According to American Blood Centre – America’s Blood Center that works with donors, hospitals and member blood centers said in one of its researches that fifty percent of the United State population is eligible to donate blood, yet only five percent (5%) of those eligible actually donate blood.
With this statistics, Doctor Oladapo Aworanti, a Senior Registrar at the Department of Hematology and Blood Transfusion at University College Hospital, Ibadan has also mentioned most people who don’t donate blood in Nigeria give reason of not having money and the state of the economy does not allow them to do so.
In his explanation, he said that the situation of the country does not mean that people cannot donate blood at any time they want to do so as the state of the country does not make them not to have enough blood they can donate.
Aworanti was concerned on the rate of voluntary donor that is reducing on daily basis, “the rate at which we have voluntary donor is much more reducing compare to what is obtainable in other part of the world.”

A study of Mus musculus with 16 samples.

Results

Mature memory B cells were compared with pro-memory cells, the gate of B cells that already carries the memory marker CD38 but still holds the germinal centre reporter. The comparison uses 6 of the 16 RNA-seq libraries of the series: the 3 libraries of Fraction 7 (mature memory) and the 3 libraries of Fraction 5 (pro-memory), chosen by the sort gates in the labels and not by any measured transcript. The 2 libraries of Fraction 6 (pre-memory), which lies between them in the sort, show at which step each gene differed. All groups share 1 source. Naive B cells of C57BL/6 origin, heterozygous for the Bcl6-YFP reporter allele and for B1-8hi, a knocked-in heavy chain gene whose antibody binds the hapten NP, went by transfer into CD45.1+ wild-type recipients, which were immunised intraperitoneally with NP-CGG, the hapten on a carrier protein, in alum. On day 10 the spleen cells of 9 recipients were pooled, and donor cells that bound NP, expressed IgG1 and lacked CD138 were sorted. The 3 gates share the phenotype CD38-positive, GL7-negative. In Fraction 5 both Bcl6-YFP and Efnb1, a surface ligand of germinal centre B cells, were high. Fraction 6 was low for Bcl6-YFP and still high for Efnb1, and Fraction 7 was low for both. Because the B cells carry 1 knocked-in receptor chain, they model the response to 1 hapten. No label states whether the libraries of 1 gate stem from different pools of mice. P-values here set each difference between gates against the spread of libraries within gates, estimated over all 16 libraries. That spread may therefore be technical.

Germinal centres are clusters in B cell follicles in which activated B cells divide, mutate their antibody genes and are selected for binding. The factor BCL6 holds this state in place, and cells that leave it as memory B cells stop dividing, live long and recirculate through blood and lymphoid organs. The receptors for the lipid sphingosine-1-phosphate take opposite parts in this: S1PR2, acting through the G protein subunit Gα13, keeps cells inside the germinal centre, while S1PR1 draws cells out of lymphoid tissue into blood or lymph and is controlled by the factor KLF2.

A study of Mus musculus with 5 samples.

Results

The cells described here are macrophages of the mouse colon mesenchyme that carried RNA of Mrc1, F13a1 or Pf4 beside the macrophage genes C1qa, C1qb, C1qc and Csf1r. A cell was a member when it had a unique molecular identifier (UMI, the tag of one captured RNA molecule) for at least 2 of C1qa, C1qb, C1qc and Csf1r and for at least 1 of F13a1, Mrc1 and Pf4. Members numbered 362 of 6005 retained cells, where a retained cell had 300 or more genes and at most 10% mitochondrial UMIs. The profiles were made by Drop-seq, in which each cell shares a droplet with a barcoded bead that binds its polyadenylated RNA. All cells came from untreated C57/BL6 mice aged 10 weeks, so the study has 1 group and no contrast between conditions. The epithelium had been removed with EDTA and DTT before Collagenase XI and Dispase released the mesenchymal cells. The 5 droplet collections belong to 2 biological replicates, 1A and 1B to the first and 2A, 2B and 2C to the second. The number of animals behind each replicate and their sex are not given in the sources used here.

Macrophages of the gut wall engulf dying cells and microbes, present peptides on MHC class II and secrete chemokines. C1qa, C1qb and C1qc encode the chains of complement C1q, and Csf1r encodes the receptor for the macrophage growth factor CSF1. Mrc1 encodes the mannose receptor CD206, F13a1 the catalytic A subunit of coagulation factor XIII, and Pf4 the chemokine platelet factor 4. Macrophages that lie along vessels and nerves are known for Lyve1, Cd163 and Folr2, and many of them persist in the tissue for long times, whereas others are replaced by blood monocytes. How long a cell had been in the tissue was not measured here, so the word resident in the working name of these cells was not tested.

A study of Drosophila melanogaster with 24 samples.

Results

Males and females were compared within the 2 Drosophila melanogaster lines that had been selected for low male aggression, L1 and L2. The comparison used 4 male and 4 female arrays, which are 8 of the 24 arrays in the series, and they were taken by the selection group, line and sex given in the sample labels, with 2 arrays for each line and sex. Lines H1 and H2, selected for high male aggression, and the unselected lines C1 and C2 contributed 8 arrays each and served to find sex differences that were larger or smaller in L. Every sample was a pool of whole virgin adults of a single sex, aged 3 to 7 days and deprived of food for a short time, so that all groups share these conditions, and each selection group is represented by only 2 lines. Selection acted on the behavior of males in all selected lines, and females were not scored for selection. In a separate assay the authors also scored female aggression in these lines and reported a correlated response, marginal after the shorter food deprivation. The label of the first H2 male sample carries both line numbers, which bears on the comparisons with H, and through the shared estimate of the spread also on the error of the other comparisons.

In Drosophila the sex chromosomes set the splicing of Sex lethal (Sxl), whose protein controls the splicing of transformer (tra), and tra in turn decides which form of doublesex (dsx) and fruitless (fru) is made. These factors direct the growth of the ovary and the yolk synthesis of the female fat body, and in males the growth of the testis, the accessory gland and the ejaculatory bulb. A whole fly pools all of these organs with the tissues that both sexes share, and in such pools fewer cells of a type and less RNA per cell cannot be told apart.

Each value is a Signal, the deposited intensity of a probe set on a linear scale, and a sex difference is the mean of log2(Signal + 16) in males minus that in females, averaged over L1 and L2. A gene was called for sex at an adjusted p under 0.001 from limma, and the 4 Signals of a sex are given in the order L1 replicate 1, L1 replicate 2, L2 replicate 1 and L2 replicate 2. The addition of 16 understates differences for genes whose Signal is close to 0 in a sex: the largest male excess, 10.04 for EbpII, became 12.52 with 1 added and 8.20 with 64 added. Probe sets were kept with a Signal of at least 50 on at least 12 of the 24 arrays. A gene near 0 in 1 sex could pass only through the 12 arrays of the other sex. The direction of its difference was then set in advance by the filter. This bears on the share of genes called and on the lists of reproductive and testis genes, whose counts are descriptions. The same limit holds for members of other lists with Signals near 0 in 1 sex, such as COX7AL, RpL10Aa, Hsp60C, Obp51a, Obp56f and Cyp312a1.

According to him “What we do in here in Nigeria is replacement donor. When you are sick your relative will come to donate a pint of blood” and some people still pay donor to donate blood for them.”
When asked if people still get paid when they want to donate blood, he also said that UCH does not encourage such act.
“Such donor is exposed to all sorts of infections and there is possibility for them to donate more than what it is expected in a particular year since they will be paid for it as they can’t donate more than 3 times in a year.
Aworanti said that voluntary blood donors are entitled to free blood when they have their card. “There is also series of test that is routinely done for them, people pay for all these but because they are regular donor, it is free for them.”
Every 14 of June, countries around the world celebrate World Blood Donor Day (WBDD) and serves to raise awareness of the need for safe blood, blood products, and to thank blood donors for their voluntary, life-saving gifts of blood.
World Blood Donor Day is one of eight official global public health campaigns marked by the World Health Organization (WHO), along with World Health Day, World Tuberculosis Day, World Immunization Week, World Malaria Day, World No Tobacco Day, World Hepatitis Day, and World AIDS Day.